Ag purchases from U.S. will hinge on Chinese demand, says vice premier
“China will now welcome American beef and pork, poultry, seafood, rice, dairy, infant formula, animal feed, biotechnology, and much, much more,” said Trump. The administration said Phase One, a deescalation of the Sino-U.S. trade war, removes Chinese barriers to agricultural trade, shortens Chinese review and approval of agricultural technology to no more than 24 months, and allows U.S. use of common food names, such as Parmesan cheese — a sore point with the EU — besides calling for purchases of at least $40 billion a year of U.S. food, agricultural, and seafood products.
Farm groups celebrated the prospect of larger exports; sales to China are just half of what they were before the trade war, when China was the No. 1 customer for U.S. farm exports. Agriculture Secretary Sonny Perdue said farmers and ranchers should expect a “bonanza” and that the pact vindicated Trump’s policy of tariffs and trade confrontation. “We look forward to exporting to Chinese customers hungry for American products,” said Perdue, who had a front-row seat for the signing.
Trump said he would “be going to China in the not-too-distant future to reciprocate” and indicated that Phase Two negotiations to resolve the trade war would begin soon. In the meantime, the United States will maintain tariffs on $360 billion worth of Chinese-made products.
Moments before signing the trade pact, Liu said three factors would help determine Chinese purchases: domestic demand, commodity prices around the world, and work by both nations to encourage trade. China has a large, emerging middle class that seeks a higher standard of living, he said.
“As living standards of the Chinese people rise, we will import fine-quality agricultural products from countries across the world,” said Liu through an interpreter. “As the two sides have agreed, based on the market demand in China, in line with market terms, Chinese businesses will purchase $40 billion of agricultural products from the United States annually. If demand is strong, the companies may buy more.
“To make it happen, the governments need to foster a strong market environment for businesses to expand trade activities,” he concluded.
Hog farmer David Herring, president of the National Pork Producers Council, said U.S. pork still faces a trade war tariff of 60% in China. “In order to fully capture the benefits of this deal, we need China to eliminate all tariffs on U.S. pork for at least five years.” The NPPC says the tariffs cost U.S. hog farmers $8 per head, or $1 billion a year. The American Soybean Association said that as a goodwill gesture, China, the world’s largest soybean importer, should offer to remove the tariff on U.S. soybeans.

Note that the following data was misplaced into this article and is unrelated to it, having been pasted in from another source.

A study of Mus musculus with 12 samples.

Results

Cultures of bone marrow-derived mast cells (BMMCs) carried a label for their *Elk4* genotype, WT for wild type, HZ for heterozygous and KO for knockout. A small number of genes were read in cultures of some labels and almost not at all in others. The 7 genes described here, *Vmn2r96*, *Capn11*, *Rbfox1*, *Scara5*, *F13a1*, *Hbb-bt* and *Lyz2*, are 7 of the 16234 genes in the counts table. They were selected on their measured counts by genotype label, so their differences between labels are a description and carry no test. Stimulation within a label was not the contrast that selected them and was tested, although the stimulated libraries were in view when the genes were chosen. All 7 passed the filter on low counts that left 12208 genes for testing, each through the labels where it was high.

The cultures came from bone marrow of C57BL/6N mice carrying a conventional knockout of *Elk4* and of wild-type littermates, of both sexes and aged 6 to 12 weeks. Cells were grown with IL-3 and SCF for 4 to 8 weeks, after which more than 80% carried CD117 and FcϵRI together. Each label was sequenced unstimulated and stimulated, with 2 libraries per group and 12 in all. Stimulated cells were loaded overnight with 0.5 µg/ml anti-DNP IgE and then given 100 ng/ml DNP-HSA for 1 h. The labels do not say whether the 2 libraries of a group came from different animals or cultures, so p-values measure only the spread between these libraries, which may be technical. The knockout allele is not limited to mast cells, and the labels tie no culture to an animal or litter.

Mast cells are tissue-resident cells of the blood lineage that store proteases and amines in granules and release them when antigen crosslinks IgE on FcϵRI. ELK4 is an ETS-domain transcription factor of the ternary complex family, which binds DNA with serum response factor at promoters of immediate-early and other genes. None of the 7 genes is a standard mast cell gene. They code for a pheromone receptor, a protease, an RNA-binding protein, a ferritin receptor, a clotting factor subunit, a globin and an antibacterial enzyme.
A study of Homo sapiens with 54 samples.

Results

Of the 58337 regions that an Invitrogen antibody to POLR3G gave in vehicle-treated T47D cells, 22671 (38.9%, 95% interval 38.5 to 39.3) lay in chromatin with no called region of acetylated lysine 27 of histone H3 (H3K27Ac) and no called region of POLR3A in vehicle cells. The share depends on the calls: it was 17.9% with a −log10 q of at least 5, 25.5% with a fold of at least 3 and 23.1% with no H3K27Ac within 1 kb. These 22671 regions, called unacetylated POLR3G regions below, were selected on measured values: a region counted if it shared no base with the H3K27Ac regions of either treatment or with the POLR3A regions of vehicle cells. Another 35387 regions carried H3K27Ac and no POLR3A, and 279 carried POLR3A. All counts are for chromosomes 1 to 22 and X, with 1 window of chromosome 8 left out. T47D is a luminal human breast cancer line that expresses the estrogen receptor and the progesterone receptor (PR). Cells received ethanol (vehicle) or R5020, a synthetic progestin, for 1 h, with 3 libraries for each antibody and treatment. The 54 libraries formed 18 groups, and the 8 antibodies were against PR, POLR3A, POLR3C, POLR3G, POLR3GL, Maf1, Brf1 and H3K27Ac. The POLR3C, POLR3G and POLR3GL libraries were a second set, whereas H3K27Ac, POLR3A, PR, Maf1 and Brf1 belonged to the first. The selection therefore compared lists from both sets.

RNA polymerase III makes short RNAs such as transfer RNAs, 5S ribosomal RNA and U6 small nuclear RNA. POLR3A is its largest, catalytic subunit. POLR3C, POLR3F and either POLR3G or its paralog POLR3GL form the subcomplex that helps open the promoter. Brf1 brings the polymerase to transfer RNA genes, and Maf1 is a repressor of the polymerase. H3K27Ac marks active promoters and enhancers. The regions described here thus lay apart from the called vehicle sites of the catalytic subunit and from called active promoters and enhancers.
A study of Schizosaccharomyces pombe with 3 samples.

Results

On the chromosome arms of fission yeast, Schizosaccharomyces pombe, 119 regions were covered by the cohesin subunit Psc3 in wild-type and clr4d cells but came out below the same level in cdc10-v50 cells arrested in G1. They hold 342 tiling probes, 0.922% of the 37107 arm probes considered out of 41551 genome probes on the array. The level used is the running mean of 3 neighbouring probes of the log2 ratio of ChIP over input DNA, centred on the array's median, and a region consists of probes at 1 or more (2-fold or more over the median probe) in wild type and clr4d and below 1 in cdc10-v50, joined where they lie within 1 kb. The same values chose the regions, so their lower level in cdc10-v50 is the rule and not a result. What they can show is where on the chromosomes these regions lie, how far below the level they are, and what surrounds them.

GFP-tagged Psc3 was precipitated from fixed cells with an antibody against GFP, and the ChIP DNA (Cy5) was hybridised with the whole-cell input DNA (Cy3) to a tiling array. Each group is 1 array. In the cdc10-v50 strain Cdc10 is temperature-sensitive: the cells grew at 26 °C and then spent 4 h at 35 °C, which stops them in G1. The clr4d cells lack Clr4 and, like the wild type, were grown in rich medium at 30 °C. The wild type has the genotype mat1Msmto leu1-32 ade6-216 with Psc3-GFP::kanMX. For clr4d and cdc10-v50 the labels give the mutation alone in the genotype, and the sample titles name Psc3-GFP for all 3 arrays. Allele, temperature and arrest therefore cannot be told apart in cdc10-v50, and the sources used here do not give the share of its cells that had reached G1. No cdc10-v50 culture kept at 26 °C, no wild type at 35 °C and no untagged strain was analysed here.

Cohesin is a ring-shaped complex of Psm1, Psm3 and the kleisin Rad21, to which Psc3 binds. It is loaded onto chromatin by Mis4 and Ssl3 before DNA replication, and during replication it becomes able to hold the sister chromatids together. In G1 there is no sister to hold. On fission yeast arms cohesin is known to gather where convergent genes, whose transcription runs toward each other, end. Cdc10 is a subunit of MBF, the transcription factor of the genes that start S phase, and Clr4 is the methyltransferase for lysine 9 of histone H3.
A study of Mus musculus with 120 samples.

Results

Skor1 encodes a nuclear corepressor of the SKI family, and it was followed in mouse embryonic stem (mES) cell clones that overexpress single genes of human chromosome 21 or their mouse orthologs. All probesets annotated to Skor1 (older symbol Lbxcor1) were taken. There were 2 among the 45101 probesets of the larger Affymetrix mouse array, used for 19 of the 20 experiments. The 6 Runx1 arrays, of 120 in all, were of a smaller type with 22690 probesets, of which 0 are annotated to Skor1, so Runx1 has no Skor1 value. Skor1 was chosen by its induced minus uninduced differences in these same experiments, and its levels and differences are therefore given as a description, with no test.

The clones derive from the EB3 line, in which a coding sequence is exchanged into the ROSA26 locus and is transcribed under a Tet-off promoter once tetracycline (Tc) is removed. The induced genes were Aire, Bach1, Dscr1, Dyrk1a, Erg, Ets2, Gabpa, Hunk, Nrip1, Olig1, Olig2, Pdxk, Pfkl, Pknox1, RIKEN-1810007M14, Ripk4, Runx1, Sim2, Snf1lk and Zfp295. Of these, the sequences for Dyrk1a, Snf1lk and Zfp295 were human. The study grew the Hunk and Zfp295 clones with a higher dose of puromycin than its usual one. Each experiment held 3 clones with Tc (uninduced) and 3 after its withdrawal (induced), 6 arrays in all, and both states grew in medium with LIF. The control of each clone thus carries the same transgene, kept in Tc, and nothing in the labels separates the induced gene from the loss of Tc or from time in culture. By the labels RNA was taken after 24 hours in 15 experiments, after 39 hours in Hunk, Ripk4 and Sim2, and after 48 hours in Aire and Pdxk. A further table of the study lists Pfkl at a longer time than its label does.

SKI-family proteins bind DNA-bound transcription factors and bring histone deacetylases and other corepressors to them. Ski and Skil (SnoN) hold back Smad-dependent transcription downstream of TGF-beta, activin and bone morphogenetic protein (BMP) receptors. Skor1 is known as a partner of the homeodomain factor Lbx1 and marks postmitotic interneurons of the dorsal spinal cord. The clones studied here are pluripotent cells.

“China has not made any specific commitment” to alter its tariffs on U.S. products as part of Phase One, said a senior administration official during a briefing. “They will have to take action on their own” to accommodate larger food and ag imports with their tariff schedule, perhaps by exempting more purchases from the duties. “They, I believe, will continue to improve and refine that exclusion process.”
Although the China-U.S. agreement sets targets for purchases, it does not create a system of managed trade, said the official, who spoke on condition of anonymity. “It will all be done through market forces,” he said.
“This agreement will help turn around two years of declining agricultural exports,” said Zippy Duvall, president of the American Farm Bureau Federation, the largest U.S. farm group. “The potential of tens of billions more in exports is welcome news for farmers, who are eager to compete on a more level playing field.”
Trump is scheduled to speak at the AFBF convention on Sunday. By then he may have a second trade victory to tout, since the Senate is expected to pass the United States-Mexico-Canada Agreement on Thursday.
“I hope this proves to be a turning point in our economic relationship with China, but I’ve seen enough history to be clear-eyed,” said Senate Finance Committee Chairman Charles Grassley of Iowa. “Farmers have borne the brunt of retaliation throughout this trade war.”
The think tank Center for American Progress, which is skeptical of the U.S.-China deal, noted that Trump and Liu used different figures to describe likely farm and food sales. “That does not bode well for the families whose livelihoods depend on the president to get this right,” the group said.
Fact sheets from the U.S. trade representative’s office about the agreement are available here.
To watch a C-SPAN video of the signing ceremony, click here.